This proposal makes a lot of sense and should appeal to those who favor standardized variables to measure student performance as well as those who favor local control of all school activities.
• Provide flexible dollars targeted at disadvantaged children. Principals and superintendents, facing the sunshine of transparency around their schools’ results, should be free to spend Washington’s dollars as they see fit.
• Foster common standards and tests. While asking federal bureaucrats or politicians themselves to set standards and create tests would be perilous, the President could bring governors together and task them with agreeing on what students should know and be able to do in core subjects at various stages of their K-12 schooling.
• Offer cash incentives to states or districts to embark upon promising but politically treacherous reforms. The cleanest way to do this is to enhance the Title I payments to jurisdictions that are pushing hard on important innovations such as performance-linked pay for teachers and quality school choices for families.
• Produce high-quality data and solid research on what does and doesn’t work. Today, education research and statistics is the caboose of federal education policy when it should be the engine.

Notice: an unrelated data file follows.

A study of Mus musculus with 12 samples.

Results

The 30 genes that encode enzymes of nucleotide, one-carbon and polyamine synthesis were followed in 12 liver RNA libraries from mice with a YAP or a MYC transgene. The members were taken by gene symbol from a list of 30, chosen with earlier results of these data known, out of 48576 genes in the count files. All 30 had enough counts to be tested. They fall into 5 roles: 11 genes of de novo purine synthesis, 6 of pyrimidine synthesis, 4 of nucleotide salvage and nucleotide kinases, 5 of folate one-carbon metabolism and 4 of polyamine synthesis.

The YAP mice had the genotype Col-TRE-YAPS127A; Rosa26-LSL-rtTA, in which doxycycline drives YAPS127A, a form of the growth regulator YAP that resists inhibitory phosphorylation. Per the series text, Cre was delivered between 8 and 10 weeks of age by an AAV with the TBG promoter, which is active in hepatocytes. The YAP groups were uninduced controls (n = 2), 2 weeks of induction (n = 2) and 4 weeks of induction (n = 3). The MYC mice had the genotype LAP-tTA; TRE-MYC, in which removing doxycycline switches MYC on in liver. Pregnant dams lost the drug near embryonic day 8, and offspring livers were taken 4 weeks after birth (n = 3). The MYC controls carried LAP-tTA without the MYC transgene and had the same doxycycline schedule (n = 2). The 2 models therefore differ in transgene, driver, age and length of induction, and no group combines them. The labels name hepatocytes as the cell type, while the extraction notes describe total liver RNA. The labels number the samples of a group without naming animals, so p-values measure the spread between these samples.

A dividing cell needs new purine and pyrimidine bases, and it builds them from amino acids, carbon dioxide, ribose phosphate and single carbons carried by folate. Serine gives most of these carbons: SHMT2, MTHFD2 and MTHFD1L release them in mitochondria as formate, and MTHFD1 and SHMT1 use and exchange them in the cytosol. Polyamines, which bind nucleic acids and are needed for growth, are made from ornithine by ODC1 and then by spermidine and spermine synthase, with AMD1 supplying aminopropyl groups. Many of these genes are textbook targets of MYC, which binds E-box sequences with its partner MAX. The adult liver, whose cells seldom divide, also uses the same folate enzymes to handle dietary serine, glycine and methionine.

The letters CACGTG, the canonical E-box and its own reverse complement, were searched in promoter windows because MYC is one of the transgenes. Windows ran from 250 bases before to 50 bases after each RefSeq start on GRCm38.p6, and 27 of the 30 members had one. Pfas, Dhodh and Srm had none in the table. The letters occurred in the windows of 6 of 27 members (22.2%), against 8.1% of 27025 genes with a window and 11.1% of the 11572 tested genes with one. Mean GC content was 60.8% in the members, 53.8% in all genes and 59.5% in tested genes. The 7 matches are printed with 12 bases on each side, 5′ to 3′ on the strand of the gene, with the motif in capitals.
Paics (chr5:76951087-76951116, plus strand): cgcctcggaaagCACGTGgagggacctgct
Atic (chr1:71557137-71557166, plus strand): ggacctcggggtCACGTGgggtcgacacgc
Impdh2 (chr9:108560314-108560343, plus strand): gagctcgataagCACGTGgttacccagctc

• Protect the civil rights of individual students and educators. This is a traditional and needed element of the federal role, both at the Education Department’s Office for Civil Rights and in other agencies.
It offers reward incentive for good teaching and good student progress as well as removes federal mandates for failed projects like No Child Left Behind which will only be a glutton for more spending to make it even plausible.
This also looks like something that newly named, soon to be appointed Secretary of Education Arne Duncan might buy as an alternative to rigid local control versus rigid federal oversight. Moreover, Lisa Snell gives us a couple of good reasons to think Duncan will consider this strategy moving forward.
Chicago’s model does not distinguish between the type of school: charter, contract, traditional public, instead this pilot project attaches dollars to students and lets students vote with their feet by choosing a school. This is the vision of school finance we need to make school funding more transparent and attached to the backs of kids. We need the funding to follow the child and not fund programs, staff, or certain types of schools.
For the purposes of the discussion as it pertains here, what do you judge as a plausible liberaltarian management of education reform? If the liberal idea is to find ways to “bring up the bottom” does this kind of proposal seem to offer a fair way to do it?
Originally posted at Notes From Off Center.